Rock classification in the Eagle Ford Formation through integration of petrophysical, geological, geochemical, and geomechanical characterization
1Enhanced Oil Recovery Business Unit, Occidental Petroleum Corporation, Houston, Texas; [email protected]
2Veratek Design, Escondido, California; [email protected]
3Hildebrand Department of Petroleum and Geosystems Engineering, The University of Texas at Austin, Austin, Texas; [email protected]
4Department of Geology and Geophysics, Texas A&M University, College Station, Texas; [email protected]
Integration of geomechanical, geological, geochemical, and petrophysical characterization is critical to enhance production from organic-rich mudrocks. This paper introduces an integrated rock classification method in the Eagle Ford Formation shales and marls in southern Texas, consisting of organic-rich fossiliferous marine shale deposited during the Late Cretaceous. A joint inversion of triple-combo, spectral gamma-ray, and elemental capture spectroscopy logs was initially conducted to estimate volumetric concentrations of minerals, porosity, and fluid saturation. Effective elastic properties such as Young’s modulus and Poisson’s ratio as well as minimum horizontal stress were then estimated as a function of depth. Rock classification was finally performed based on geologic texture and geochemical properties, as well as well-log–based estimates of petrophysical and geomechanical properties.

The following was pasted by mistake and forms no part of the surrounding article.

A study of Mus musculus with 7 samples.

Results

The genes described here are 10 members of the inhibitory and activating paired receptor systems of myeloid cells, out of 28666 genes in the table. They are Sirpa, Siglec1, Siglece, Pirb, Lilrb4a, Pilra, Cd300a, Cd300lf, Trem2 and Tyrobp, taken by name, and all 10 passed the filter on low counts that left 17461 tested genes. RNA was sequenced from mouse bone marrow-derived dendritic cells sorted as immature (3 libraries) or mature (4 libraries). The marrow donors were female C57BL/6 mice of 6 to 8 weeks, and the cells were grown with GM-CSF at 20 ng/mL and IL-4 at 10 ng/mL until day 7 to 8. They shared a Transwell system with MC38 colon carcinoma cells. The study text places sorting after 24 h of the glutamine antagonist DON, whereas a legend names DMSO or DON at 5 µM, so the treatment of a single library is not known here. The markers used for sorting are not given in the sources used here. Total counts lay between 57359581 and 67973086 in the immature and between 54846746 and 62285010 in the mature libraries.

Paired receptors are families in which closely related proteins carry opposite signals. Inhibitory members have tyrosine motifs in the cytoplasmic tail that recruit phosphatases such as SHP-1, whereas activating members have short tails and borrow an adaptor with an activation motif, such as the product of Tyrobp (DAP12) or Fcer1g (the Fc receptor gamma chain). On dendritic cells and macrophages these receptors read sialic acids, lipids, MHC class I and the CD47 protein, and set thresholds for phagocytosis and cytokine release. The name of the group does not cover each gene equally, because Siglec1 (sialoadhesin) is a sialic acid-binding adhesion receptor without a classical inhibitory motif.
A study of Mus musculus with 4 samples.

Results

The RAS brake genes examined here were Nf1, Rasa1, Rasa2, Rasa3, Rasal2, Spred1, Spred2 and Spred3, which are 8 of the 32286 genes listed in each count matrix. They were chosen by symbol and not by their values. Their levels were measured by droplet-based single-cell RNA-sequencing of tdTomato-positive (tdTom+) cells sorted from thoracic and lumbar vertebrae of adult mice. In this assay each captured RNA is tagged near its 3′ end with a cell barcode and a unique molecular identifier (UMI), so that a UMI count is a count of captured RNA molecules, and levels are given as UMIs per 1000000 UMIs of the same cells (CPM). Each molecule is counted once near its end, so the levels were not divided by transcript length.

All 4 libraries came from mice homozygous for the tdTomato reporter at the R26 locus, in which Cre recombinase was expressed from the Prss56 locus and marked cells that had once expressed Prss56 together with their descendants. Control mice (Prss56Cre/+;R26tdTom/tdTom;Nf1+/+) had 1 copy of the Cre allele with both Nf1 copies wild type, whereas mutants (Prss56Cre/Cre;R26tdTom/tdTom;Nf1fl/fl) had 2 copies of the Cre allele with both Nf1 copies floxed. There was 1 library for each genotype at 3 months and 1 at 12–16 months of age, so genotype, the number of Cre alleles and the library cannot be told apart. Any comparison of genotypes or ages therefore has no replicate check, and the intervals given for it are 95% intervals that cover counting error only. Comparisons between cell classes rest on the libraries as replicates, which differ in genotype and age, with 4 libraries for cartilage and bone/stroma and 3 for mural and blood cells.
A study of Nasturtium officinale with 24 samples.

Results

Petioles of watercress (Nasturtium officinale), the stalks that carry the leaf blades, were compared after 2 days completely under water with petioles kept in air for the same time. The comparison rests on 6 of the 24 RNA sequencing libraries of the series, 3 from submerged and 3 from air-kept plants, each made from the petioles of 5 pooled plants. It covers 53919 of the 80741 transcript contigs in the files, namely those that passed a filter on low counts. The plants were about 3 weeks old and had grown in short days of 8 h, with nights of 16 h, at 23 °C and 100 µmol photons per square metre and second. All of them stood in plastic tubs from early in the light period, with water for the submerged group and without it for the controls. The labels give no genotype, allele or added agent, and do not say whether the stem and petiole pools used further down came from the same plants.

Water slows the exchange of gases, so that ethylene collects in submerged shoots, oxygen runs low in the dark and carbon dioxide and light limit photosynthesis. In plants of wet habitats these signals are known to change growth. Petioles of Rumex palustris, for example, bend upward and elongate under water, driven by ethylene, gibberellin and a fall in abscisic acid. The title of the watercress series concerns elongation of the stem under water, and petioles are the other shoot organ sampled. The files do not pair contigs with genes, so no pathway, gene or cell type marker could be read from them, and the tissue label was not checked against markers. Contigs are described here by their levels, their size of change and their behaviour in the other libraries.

The introduced method was applied to two wells located in the oil window of the Eagle Ford Formation (average gas–oil ratio of less than 2000 SCF/STB). The results of the integrated rock classification demonstrated similar organic richness and petrophysical properties in both wells. However, the geomechanical rock classification as derived from in situ stress profiles suggests higher proportions of the rock class with better completion quality (55% of net thickness in one well vs. 34% in the other well). A 90-day report on the cumulative oil production of this well shows an additional 11,000 bbl (i.e., 20% more oil production) compared to the second well. This observation was accounted for by geomechanical properties and the distribution of rock classes that differentiate reservoir quality and production.